Little Town on the Plains: Keota, Colorado

Montgomery Ward Catalog

This game requires 2 to 8 players

Anything you might have needed--and many things you probably didn't--could be ordered from one of Chicago's huge mail-order companies. Both Montgomery Ward (1872) and Sears (1888) catered especially to rural families. When Rural Free Delivery began in 1896, people living in towns like Keota had access to everything in the catalogs. The average family in Keota made three catalog orders a year, spending about $5 an order. Look through a selection of items from the Montgomery Ward catalog. How would you categorize the items available for purchase?


Starting a new game will generate a code you can send to other players so they can join in.



Object of the game

Apples to Oranges is a game where players create associations between objects using Venn diagrams. An association is a connection between two things. To find an association, think about how the objects and media are the same or different. The associations are up to each player or group and there are no wrong answers. Venn diagrams are illustrations that use overlapping circles to show the similarities and differences between things. The intersection of the circles is what the things have in common, while the things on each side of the circles that do not overlap are unique. They help to visually represent the similarities and differences between two concepts. The goal of the game is to encourage players to think critically about items or topics and focus on skill building by making observations, drawing connections, sorting, categorizing, and engaging in collaborative dialogue.

Step 1: Moderator chooses objects from sidebar

Step 2: Other players create labels

Step 3: Everyone discusses the diagrams and defends their creation

Step 4: Moderator chooses their favorite and awards a point

Game requirements

  • Each player or team is required to connect via computer, tablet, or mobile device and have a way to receive a link to the game.

  • The game can be played in the classroom or remotely. If played remotely, the players must coordinate a discussion on an agreed upon online messaging system such as group text, Microsoft Teams, Slack, etc.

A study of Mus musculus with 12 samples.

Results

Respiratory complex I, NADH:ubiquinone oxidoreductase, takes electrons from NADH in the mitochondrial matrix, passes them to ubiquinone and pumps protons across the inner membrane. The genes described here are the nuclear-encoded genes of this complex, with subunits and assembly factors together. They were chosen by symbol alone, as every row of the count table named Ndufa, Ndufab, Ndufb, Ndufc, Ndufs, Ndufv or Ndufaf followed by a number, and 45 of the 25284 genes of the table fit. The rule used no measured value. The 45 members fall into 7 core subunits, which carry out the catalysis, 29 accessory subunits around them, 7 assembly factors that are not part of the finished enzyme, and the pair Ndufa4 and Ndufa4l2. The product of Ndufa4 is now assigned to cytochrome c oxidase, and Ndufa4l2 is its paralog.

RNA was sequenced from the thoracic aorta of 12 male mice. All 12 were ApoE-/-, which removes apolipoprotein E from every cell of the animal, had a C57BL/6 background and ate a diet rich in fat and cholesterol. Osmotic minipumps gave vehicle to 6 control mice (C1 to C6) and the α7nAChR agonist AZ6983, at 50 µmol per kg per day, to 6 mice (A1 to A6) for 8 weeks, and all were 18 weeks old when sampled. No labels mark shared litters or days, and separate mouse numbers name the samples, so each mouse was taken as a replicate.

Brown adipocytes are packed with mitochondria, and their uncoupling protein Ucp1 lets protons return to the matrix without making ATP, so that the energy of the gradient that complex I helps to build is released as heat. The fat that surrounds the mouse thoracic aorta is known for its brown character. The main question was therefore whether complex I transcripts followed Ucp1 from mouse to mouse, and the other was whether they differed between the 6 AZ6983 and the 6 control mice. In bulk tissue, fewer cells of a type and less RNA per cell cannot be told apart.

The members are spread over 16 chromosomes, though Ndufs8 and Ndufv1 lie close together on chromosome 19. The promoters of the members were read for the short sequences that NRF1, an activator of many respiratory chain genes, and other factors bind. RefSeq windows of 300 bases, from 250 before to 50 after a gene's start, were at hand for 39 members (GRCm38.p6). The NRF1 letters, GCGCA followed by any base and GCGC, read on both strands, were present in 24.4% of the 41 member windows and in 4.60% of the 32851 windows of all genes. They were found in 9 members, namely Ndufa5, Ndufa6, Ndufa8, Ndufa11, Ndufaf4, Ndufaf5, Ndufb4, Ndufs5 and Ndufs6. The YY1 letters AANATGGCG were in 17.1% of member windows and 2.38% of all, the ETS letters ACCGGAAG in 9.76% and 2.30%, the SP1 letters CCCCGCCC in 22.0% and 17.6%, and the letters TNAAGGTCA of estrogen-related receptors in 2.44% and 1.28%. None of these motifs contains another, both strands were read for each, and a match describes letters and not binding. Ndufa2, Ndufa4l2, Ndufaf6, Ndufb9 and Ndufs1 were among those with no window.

How to play

  • One player or group starts the game and generates a link that they send to other players or groups. This player or group will serve as the first moderator. The other players or groups click on the link to join in.

  • Each player or group creates a unique name for themselves or their team.

  • Players will meet in a waiting room until all players or groups have joined. You need to have at least 3 players or teams to begin the game. (If a player or group joins in the game while another round is in session, they will wait in the waiting room until the current round is finished and then be able to join the game.)

  • Press the “Begin Round” button to start the game.

  • For each round, one player or group will serve as moderator. The player or group who starts the game serves as the first moderator. For each subsequent round, the moderator role will move randomly to another player or group.

  • The moderator has 30 seconds to choose objects from the right sidebar and drop them into a blank diagram. They then send the diagram to the other players for labelling.

  • The other players or groups have 30 seconds to add labels to the diagram. The labels should compare the objects by differences or similarities. They then send their completed diagrams back to the moderator.

  • The moderator looks at each diagram and questions the other players or teams about why they came up with those labels.

  • The moderator determines which labels are their favorite and awards a point to that player or team.

  • The game proceeds to the next round where another player or group serves as moderator. There is no limit to the rounds that can be played.